THE PRO14 returns this weekend as Connacht begin four straight weeks of action with a home tie against conference rivals Cardiff Blues at the Sportsground on Saturday evening (7:35). While Ireland struggle in the Six Nations and contract negotiations for next season’s provincial squads continue, getting back to some regular rugby will be a welcome distraction for all concerned.
The test is a tricky one,.Connacht’s home form has been surprisingly poor this season and they must stop a run of four straight defeats in Galway if they are to keep their Champions Cup qualification aspirations intact. Andy Friend’s side currently sit second in the standings, ten points back from clear leaders Munster and six clear of both Cardiff and Scarlets with a game in hand on both those sides. So they are looking strong for now.
It won’t take much to change that, a home defeat here to Cardiff would leave them looking very vulnerable as there will be three away games and just one home game left on the schedule. Then again, on current form, Connacht have won their last four away games so in Covid times, where supporters can’t attend, one wonders does the home venue have less of a meaning. It certainly seems to for Connacht.
“We’ve been guilty of not playing the conditions without a doubt. That shouldn’t be the case, if anyone should understand the conditions in the Sportsground inside out it should be us. We’ve also been guilty of not been clinical at the right moments, but that might have to do with the type of game we are trying to play. We need to find that balance of playing our game and making the right,” said Friend this week.
For more, read this week’s Connacht Tribune.
A motorcyclist has died following a crash in Renmore this morning.
Shortly after 10am, the motorcyclist – aged in his 40s – was seriously injured when his motorbike collided with a car on the R338 Old Dublin Road at Renmore Park. The motorcyclist was pronounced dead at the scene a short time later.
The crash site was fully examined by Garda Forensic Collision Investigators and the road has now reopened to traffic.
The deceased was removed to the mortuary at University Hospital Galway and the Coroner has been notified.
Investigating Gardaí are appealing witnesses to come forward and have asked anyone who was travelling in the area at the time and has dashcam footage to contact them.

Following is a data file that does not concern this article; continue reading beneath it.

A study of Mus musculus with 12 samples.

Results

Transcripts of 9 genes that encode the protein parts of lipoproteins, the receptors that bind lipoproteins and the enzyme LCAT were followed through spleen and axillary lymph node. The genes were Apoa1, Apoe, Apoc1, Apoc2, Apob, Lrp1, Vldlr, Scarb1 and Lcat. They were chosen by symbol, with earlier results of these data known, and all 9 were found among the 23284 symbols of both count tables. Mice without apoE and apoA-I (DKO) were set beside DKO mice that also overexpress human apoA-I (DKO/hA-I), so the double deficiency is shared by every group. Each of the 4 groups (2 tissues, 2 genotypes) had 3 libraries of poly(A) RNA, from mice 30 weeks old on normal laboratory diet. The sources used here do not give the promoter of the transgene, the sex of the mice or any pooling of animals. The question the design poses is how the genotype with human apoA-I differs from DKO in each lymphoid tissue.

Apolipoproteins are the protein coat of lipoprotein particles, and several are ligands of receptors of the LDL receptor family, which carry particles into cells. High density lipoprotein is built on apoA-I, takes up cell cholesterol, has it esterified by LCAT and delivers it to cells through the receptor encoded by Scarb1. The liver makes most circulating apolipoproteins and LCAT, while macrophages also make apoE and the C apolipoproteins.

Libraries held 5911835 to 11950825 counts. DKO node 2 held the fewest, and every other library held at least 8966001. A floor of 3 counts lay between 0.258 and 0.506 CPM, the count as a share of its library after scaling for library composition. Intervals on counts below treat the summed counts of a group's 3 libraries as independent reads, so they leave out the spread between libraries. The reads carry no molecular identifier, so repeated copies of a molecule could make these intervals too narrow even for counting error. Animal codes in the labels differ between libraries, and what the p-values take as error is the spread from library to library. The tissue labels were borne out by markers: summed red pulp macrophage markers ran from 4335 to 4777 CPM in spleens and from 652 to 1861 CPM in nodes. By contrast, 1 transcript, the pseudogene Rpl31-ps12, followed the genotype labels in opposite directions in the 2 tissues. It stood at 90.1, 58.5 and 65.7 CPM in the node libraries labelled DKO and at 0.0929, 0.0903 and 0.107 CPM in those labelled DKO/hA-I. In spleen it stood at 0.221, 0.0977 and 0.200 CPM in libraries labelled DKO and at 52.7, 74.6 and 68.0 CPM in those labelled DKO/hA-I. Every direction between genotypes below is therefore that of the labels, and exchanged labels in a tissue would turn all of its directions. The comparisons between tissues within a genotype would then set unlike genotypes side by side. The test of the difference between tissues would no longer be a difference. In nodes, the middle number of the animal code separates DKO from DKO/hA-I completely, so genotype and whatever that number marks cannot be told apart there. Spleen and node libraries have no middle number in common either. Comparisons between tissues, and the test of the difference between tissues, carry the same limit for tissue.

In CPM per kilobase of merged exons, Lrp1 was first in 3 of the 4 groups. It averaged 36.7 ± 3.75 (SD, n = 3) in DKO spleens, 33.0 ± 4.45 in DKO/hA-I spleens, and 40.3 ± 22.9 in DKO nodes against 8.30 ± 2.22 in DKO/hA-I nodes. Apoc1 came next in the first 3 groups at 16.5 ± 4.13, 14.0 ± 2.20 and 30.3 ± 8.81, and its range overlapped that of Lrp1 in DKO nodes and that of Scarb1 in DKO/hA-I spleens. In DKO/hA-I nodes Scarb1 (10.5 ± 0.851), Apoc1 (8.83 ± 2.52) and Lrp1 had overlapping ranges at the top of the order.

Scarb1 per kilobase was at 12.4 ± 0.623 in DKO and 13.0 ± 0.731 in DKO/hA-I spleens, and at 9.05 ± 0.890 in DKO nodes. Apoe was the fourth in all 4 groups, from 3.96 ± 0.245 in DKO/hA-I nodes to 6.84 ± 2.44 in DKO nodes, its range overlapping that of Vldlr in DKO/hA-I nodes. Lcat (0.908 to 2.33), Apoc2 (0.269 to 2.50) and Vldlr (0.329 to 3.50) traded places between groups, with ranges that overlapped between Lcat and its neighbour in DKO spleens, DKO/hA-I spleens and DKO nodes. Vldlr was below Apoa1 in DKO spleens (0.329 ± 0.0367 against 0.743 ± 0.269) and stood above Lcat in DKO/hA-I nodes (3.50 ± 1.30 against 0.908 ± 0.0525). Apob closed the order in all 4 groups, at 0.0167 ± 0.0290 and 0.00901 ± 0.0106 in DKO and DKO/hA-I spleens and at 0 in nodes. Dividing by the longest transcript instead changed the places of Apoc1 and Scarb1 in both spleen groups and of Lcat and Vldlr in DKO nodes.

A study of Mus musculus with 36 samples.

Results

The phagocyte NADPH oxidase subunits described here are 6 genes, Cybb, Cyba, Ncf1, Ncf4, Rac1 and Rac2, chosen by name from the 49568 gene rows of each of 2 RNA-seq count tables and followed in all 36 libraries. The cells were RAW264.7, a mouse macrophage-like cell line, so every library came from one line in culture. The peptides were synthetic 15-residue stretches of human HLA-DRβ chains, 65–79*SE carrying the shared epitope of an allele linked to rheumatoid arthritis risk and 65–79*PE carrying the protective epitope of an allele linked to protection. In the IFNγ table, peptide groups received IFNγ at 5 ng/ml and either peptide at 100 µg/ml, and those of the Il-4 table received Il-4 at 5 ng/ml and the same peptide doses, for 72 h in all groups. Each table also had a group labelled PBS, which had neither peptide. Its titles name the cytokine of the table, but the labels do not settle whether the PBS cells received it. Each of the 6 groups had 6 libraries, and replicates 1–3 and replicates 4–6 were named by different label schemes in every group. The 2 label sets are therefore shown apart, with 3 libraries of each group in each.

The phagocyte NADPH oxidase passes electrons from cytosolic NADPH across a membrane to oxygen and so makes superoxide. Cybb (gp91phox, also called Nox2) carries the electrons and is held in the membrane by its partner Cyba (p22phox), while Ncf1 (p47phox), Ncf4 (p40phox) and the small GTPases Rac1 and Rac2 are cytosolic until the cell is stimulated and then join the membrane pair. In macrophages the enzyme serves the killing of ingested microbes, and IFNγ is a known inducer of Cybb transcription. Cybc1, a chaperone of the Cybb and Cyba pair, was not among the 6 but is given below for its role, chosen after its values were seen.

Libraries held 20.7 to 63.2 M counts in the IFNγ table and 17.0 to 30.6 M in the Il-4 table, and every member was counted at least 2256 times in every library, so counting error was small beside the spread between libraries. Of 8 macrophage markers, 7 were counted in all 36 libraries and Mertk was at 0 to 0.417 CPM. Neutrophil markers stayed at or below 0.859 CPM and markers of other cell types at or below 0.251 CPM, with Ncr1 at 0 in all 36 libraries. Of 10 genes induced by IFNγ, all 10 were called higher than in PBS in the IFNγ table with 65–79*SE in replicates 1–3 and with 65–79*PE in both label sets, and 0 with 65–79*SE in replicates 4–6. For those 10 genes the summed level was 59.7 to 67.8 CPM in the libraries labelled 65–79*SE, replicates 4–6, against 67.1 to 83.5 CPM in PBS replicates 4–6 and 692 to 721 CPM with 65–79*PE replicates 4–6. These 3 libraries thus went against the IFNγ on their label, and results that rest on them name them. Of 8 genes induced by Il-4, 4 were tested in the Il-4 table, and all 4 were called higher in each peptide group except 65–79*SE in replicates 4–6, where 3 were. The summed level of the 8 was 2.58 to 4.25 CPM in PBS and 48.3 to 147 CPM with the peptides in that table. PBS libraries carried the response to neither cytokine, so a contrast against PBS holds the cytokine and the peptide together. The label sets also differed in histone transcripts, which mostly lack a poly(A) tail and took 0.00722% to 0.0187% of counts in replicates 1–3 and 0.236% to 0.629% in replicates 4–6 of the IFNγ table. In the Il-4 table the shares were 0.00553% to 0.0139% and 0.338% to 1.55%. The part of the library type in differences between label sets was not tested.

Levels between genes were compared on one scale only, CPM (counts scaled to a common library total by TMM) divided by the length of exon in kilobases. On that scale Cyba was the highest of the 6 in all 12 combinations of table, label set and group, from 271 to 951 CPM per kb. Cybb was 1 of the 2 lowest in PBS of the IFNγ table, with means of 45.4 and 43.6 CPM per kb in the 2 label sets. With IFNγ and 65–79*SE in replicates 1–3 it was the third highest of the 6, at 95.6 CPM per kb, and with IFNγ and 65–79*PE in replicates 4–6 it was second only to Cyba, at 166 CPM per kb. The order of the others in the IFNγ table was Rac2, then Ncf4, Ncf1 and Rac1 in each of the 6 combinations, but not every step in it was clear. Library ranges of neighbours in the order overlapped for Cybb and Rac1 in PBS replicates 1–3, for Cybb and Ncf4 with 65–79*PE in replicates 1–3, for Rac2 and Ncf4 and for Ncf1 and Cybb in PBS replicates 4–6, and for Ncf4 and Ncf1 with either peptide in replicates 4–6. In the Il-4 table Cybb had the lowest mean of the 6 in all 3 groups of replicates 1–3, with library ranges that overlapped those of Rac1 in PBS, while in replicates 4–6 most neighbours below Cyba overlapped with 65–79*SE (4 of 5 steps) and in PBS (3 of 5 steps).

Wrecking ball for once-great social hub, the Corrib Great Southern Hotel
From this week’s Galway City Tribune – It was the summer of ’69, and the landmark Great Southern Hotel in Eyre Square was booming.
Every evening, 180 guests – mostly American tourists – thronged its dining room for dinner. Similar numbers were served breakfast, with about 150 for lunch.
It was so busy, the semi-state company planned another 160-bedroom sister hotel, the Corrib Great Southern, on the Dublin Road.
Then the Troubles in Northern Ireland started, and “business fell off a cliff”, recalled Richard Lyons, who worked in both hotels, including 35 years as maître d in the newer one.
“They were building the Corrib when the Troubles started and they decided they had to cut back the rooms by 40. That’s how they finished with 120 bedrooms,” he said.
The hotel was opened on May 27, 1971, by Brian Lenihan Snr, the then Minister for Transport and Power, and Bishop of Galway, Michael Browne.
But the legacy of the Troubles lingered for years after, according to Renmore resident Richard – debt from State borrowing to build a new hotel up North, which was twice bombed by the IRA, threatened the very existence of the semi-state hotel group owned by CIÉ.
In the early 1980s, hotel group debt grew to nearly £8 million, and the Fine Gael and Labour Coalition Government headed by Garret Fitzgerald decided to liquidate it.
This is a shortened preview version of this article. To read the rest of the story of the hotel, see this week’s Galway City Tribune. You can buy a digital edition HERE.
Galway City Council extends outdoor dining into October
From this week’s Galway City Tribune – The summer of alfresco dining looks set to be extended into the late autumn, with Galway City Council confirming this week their plans to extend the outdoor arrangements to October 22.
Local councillors, hospitality representatives and the City Council have said this week that the extension of outdoor dining at five city locations from September 30 to October 22 next, reflects public satisfaction with the current set-up.
This week the City Council published statutory public notices to clear the way for a continuation of the existing road closures required to facilitate outdoor dining on William Street West, Raven Terrace, Dominick Street Upper, Woodquay and the Small Crane.
Johnny Duggan, Chairman of the city branch of the Vintners’ Federation of Ireland and proprietor of Taylor’s Bar on Dominick Street, told the Galway City Tribune that the outdoor dining initiative during the summer had been a ‘huge success’ both from a viability and operational viewpoint.
“It has brought a life and vibrancy back into these areas in a very safe and controlled environment – the move makes sense in terms of the October 22 deadline set for the return of normal business,” he said.
This is a shortened preview version of this article. To read the rest of the story and for a proposal to bring an ice rink back to Leisureland, see this week’s Galway City Tribune. You can buy a digital edition HERE.